The beginning of a new year is a time of reflection for many people. This helps us to focus on our personal or professional goals and begin the year with a renewed energy to be better than we were last year! As you strive to improve in 2016, I encourage you to reflect on the important work of taking care of patients while meeting the many compliance requirements that come with that job.
Start with your annual Security Risk Assessment. This is part of the continuous process of identifying, correcting and preventing HIPAA security issues within your practice. Ensure you have policies and procedures in place that address potential HIPAA vulnerabilities. These include such things as outlining your practices contingency plan, documenting your Business Associate Agreement process and ensuring that your breach notification process is complete and up to date. Staff must also be aware of and understand these policies. Consider reviewing one policy each month as part of your staff meeting.
Review your Compliance Plan and ensure the policies are current and reflect the actual processes used in your office. Having a policy that you don’t follow can actually be worse than not having one at all. While your Compliance Manual may incorporate many of your HIPAA polices, it should also reflect your policies to ensure healthcare compliance. This includes internal monitoring and auditing to prevent fraud, waste and abuse as well as training, education and compliance expectations for new staff. Your practice’s Compliance Plan should ensure open lines of communication that allow staff to report issues without fear of retaliation. The Office of Inspector General has published guidance on the components of an effective compliance program for individual and small group practices. It may be beneficial to review this to ensure you are on track with your program.
The attestation period for 2015 Meaningful Use is January 4, 2016 thru February 29, 2015. Keeping in mind that the intent of this program is to ensure your electronic health records are being utilized in a meaningful manner, the work cannot stop with the attestation. It is a good practice to review your data throughout the year to ensure your information is being completed and captured correctly. Remember an assessment of your security risks is also a requirement of Meaningful Use. If you are audited, be prepared:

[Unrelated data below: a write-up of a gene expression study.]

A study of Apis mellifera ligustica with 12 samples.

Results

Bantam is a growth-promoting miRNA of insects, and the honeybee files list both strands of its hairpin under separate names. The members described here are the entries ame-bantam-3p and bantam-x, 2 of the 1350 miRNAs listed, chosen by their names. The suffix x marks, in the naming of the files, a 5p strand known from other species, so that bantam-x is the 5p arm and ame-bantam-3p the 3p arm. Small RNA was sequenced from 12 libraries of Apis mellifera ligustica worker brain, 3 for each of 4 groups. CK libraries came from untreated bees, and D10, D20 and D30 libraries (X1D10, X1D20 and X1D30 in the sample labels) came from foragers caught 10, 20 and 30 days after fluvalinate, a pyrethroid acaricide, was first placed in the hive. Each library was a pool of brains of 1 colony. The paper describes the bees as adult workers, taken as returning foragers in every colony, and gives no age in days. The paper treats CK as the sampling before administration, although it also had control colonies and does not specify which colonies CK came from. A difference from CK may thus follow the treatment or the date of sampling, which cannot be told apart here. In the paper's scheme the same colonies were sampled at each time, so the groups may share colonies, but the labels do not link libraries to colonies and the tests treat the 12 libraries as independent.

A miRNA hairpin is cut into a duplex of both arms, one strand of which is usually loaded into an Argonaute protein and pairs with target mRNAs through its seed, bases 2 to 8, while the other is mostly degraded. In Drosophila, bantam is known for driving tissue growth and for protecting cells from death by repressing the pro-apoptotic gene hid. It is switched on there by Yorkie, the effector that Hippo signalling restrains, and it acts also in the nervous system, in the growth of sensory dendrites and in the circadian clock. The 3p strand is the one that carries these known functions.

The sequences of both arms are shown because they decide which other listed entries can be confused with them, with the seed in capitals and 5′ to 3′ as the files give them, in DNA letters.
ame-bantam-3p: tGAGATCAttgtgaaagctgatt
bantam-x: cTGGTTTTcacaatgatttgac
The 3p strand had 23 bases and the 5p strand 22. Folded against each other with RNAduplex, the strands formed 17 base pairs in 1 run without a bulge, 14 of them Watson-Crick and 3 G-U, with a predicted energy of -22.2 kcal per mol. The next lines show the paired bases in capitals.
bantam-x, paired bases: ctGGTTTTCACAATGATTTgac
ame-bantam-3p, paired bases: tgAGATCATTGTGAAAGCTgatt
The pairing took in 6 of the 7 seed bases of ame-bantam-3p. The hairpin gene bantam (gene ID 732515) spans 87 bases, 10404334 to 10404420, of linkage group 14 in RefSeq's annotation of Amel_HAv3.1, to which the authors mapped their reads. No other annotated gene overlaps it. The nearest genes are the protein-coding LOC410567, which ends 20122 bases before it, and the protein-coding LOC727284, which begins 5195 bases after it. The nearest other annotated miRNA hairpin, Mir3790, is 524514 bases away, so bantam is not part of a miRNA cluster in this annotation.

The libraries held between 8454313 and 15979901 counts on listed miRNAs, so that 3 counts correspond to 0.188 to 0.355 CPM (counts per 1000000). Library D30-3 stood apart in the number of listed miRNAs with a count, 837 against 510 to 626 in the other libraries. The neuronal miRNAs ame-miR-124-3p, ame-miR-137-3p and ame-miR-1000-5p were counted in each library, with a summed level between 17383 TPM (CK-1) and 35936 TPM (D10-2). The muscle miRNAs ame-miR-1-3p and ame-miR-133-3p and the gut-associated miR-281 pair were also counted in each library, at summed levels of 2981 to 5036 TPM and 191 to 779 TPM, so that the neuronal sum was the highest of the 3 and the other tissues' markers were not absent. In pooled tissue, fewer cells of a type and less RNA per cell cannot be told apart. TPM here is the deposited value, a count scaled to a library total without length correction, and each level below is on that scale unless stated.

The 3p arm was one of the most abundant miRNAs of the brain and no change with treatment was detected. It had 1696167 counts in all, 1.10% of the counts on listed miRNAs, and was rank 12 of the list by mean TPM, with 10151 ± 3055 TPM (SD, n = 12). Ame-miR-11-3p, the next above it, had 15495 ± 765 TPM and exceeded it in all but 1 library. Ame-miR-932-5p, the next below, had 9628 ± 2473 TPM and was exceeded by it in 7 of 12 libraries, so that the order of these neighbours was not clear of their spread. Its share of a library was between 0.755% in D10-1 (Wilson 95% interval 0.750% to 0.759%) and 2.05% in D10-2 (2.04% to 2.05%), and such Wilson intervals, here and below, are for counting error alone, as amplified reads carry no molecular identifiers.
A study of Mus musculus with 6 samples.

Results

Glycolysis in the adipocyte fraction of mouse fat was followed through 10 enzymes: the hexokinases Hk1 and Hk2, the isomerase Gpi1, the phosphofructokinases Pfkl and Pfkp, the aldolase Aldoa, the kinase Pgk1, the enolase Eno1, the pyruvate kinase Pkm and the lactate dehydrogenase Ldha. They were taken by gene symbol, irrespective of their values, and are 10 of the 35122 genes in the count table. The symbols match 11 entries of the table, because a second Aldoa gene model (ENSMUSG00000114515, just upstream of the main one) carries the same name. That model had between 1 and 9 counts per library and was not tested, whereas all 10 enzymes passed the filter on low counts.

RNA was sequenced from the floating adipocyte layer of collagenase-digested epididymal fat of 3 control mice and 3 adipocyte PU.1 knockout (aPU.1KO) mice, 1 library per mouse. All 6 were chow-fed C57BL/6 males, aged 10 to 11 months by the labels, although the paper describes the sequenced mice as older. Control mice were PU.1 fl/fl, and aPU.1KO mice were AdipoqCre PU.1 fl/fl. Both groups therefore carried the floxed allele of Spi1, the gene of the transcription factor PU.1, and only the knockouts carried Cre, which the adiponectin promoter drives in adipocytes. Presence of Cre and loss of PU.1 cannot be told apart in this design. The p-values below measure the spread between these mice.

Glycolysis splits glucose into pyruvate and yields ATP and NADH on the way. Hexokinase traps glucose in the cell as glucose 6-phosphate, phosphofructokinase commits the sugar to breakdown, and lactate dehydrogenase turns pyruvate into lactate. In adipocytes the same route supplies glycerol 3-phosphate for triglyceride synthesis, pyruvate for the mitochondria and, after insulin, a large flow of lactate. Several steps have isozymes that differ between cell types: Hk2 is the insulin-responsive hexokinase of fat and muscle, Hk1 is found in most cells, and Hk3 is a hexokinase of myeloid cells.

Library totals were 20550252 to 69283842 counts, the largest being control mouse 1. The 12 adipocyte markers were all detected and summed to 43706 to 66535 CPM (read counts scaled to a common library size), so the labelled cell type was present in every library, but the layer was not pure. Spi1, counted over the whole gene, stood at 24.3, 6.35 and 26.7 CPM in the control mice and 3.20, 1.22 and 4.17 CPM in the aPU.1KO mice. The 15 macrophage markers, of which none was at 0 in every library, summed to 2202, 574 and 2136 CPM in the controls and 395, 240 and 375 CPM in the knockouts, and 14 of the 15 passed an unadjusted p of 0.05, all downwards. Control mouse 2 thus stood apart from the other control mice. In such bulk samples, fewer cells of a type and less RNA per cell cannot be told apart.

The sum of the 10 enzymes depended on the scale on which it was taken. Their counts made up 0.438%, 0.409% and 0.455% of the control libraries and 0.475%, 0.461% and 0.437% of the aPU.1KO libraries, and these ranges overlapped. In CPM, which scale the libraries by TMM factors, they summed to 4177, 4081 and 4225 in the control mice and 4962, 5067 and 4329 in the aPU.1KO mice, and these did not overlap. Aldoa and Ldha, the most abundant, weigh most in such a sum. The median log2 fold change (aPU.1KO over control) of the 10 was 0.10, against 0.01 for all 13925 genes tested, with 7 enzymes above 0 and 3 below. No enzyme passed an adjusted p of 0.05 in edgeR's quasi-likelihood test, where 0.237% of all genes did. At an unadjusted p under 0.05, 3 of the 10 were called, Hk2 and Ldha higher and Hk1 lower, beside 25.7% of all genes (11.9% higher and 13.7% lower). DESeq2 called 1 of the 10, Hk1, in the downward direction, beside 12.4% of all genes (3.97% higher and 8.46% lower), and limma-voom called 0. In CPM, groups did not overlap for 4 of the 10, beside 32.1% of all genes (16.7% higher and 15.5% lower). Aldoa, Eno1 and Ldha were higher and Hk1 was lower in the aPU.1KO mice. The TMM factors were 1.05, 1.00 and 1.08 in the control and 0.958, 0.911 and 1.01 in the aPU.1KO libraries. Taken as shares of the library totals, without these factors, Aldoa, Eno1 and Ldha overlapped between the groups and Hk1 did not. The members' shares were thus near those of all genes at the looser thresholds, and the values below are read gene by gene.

Keep copies of what you have attested to.
Be aware of all deadlines.
Submit all of the requested information.
Never alter your records.
Some of you many have recently received notification that Medicare will be applying a negative payment adjustment to your 2016 submitted charges resulting in a 2% decrease in your Medicare payments. This is a result of not meeting PQRS reporting requirements in 2014. Medicare has recently published information on the 2016 PQRS measure codes. Review the processes used to capture these measures in your practice and ensure they are up to date. Failing to meet PQRS in 2016 may affect your Medicare payments in 2018.
Consider creating processes to ensure that new providers are credentialed prior to seeing patients. Claims submitted for services performed should always include the name and the NPI of the provider performing the service, except in a situation where a locum tenens (replacement provider) arrangement is in place. It is not appropriate to bill the service under a credentialed provider’s name.
Finally, if you are considering opting-out of Medicare, be aware of issues that may arise due to that status. Once you decide to opt-out, you have just 90 days to reverse that decision. Once those 90 days have passed, opted-out providers cannot reenroll with Medicare for two years. Some commercial payers have a requirement for participating providers to be Medicare enrolled providers. A decision to opt-out may affect your status with those insurance plans.
As you take time to reflect and find ways to improve in 2016, consider your practice’s compliance requirements. Not only will this prepare your practice in the event of an audit, it will assist you in ensuring you are providing the best care to your patients.